Landing at Series Mania, UFA Fiction’s ‘Disko 76’ Tells Local Story With International Potential, Classic Dance Floor Hits

Spinning audiences back to the mid-1970s, UFA Fiction’s latest period series “Disko 76” is set in a pivotal time in the industrial heartland of West Germany as a new American pop music craze takes over the airwaves and dance floors.

The six-part series, which premiered at the recent Berlinale Series Market, continues its international rollout at Series Mania in Lille before bowing on the RTL+ streaming platform on March 28 and on RTL Group channel Nitro on April 1.


Boasting classic hits from the likes of Donna Summer, ABBA, Kool and the Gang, Boney M. and many more, the series follows Doro (Luise Aschenbrenner), a rebellious young woman constricted by married life who finds freedom with the arrival of disco music in her hometown of Bochum, first in a neighboring U.S. military base, later, and with her help, in her brother Georg’s (Jonas Holdenrieder) newly acquired pub. She also falls for a mysterious and talented dancer, played by popular actor Jannik Schümann (“Sisi”).

As the music and dance parties thrill the town’s youth, the new fad leads to consternation and anger among the older generation, pitting Dora against her own strict father.

In addition to taking on socio-political issues of the time, the narrative weaves in metafictional breaks, providing the show with a modern quality, Swyter points out.

As an UFA Fiction production, “Disko 76” also exemplifies “cross-divisional content collaboration” within Bertelsmann, which owns the RTL Group, of which UFA Fiction is part.

“On the one hand, the collaborative connection is obvious, as UFA, as a production house, produced a series for the Bertelsmann television broadcaster RTL and its streaming service RTL+,” Swyter explains. “On the other hand, it goes beyond this collaboration, as the series’ novel adaptation of the same name is also published by Goldmann Verglag [part of the Penguin Random House publishing group] and BMG was also involved in the project as a music consultant.”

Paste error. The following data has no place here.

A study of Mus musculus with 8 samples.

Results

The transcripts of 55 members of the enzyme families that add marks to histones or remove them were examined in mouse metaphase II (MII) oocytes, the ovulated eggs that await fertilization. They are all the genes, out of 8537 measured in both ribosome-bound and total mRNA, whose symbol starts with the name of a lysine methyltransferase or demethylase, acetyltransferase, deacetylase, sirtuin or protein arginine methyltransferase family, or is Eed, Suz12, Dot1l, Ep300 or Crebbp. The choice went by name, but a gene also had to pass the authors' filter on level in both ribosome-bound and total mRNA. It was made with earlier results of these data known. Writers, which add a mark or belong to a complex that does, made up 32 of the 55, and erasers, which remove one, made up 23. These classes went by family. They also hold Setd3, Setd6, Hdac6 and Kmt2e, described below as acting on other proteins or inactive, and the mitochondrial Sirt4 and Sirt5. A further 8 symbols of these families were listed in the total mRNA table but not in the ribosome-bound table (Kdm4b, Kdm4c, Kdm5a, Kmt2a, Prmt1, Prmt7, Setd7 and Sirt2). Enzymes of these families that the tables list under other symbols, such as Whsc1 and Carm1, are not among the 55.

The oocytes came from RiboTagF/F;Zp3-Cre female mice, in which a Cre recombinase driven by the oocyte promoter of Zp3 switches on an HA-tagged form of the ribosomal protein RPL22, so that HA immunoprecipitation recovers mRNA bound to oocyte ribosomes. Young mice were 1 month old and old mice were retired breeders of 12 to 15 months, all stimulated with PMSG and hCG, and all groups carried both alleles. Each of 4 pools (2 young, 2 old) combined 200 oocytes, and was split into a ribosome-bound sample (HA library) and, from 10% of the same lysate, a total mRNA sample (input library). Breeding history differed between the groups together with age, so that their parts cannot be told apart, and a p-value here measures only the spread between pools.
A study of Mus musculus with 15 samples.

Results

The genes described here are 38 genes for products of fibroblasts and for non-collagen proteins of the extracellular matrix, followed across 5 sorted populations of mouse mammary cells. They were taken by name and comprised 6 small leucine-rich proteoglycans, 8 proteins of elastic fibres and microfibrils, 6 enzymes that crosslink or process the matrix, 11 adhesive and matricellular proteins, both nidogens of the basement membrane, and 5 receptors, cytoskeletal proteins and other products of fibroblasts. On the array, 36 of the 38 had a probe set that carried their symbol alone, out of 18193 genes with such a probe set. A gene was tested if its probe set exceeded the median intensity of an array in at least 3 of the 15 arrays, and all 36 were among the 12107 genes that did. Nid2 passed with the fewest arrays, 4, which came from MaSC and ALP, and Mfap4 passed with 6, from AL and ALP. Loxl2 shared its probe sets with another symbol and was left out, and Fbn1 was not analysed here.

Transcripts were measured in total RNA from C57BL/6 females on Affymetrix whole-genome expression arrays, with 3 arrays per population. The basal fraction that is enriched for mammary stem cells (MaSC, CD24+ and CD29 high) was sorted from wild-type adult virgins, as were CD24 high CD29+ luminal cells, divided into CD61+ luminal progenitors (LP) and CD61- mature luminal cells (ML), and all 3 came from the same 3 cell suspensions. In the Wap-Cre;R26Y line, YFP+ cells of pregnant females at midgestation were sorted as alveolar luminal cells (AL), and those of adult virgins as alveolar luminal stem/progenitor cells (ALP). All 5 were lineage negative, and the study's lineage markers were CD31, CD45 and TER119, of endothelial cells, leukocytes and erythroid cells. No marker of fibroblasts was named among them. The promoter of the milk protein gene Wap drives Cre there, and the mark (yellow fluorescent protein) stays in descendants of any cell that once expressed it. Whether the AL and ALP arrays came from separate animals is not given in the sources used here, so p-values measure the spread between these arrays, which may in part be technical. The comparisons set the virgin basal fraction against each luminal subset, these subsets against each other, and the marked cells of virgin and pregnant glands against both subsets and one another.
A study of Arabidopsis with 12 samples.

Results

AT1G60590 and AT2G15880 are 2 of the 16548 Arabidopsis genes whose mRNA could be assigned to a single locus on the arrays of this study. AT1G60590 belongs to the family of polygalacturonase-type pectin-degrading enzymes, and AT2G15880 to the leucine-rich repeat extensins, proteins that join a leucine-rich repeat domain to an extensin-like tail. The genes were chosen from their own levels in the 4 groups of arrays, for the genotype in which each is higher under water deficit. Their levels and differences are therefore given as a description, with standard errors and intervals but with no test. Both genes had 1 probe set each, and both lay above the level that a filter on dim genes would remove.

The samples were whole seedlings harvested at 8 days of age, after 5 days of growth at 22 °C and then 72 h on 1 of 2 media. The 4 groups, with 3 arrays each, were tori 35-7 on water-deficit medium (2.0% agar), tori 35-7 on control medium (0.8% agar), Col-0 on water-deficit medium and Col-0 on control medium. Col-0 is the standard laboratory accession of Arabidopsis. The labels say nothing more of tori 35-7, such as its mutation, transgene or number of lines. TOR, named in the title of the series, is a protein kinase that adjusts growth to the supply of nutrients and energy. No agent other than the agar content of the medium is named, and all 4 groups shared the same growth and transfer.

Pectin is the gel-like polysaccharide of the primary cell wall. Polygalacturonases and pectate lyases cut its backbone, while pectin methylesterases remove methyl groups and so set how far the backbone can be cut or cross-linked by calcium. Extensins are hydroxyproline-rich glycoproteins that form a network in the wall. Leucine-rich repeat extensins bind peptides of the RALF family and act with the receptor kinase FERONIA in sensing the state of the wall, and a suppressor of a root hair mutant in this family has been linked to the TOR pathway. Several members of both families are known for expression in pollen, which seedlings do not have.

As a period show, “Disko 76” looks set to continue UFA’s recent successes with historical series, among them as “Ku’Damm,” “Charité” and “Faking Hitler.”

“What certainly unites all historical series is the audience’s fascination with a bygone time and thus a different life with different fashion, music, values and social conventions,” Swyter says. “Historical series per se have something escapist about them.”

She adds, however: “For me, ‘Disko 76’ is not a typical historical drama series. It chooses its own tonality and finds itself on a spectrum between drama and comedy. Furthermore, the series is fully aware of its current view of the time we are narrating.

“‘Disko 76’ tells the story partly with a contemporary commentary and it tells it very quickly, with metafictional elements of modern storytelling. The socio-political issues and upheavals of this time are told, but the entertainment and fun are treated at least equally.”

The series, she adds, “has the potential to reach a very wide audience,” not only people who have fond memories of the 1970s but also younger audiences “due to the modern narrative style and the young ensemble. It’s basically a coming-of-age story and a lot of people can relate to that.”

Indeed, Aschenbrenner and Schümann lead the large ensemble cast of well-established young actors.

“Through their interpretations and conceptions of the characters, Jannik Schümann and Luise Aschenbrenner immediately succeeded in making it impossible not to cast them as Robert and Doro. They exhibit great acting skills. And Jannik was able to master the somewhat difficult dance choreography extremely well and make it look incredibly easy. Luise also created such an idiosyncratic, fallible, but also humorous character that you gladly go on a journey with her.”

The cast also includes Vanessa Loibl (“Unsere Wunderbarten Jahre”); Emma Nova (“In Berlin Wächst Kein Orangenbaum”); Merlin Sandmeyer (“Die Discounter”); Natalia Wörner (“Die Diplomatin”);  Farba Dieng (“Toubab”); Julia Jendrossek and Aljoscha Stadelmann.

While the story is set in Bochum in a very specific time of change in the Ruhr region of North Rhine-Westphalia, Swyter is confident “Disko 76” will strike a chord with international audiences.

“The sound and dance are international, so you can connect globally. The stories we tell are personal, but also related to the major issues of the time, which did not only take place in West Germany.

“Challenging the given, the generational conflict and the search and finding of one’s own identity did not only exist in Germany in the 1970s. The invitations to this year’s Berlinale Series Market and the Series Mania Festival in Lille have already shown us that ‘Disko 76’ is also attracting international interest. ‘Disko 76’ travels from Bochum via Berlin to Lille and hopefully even further.”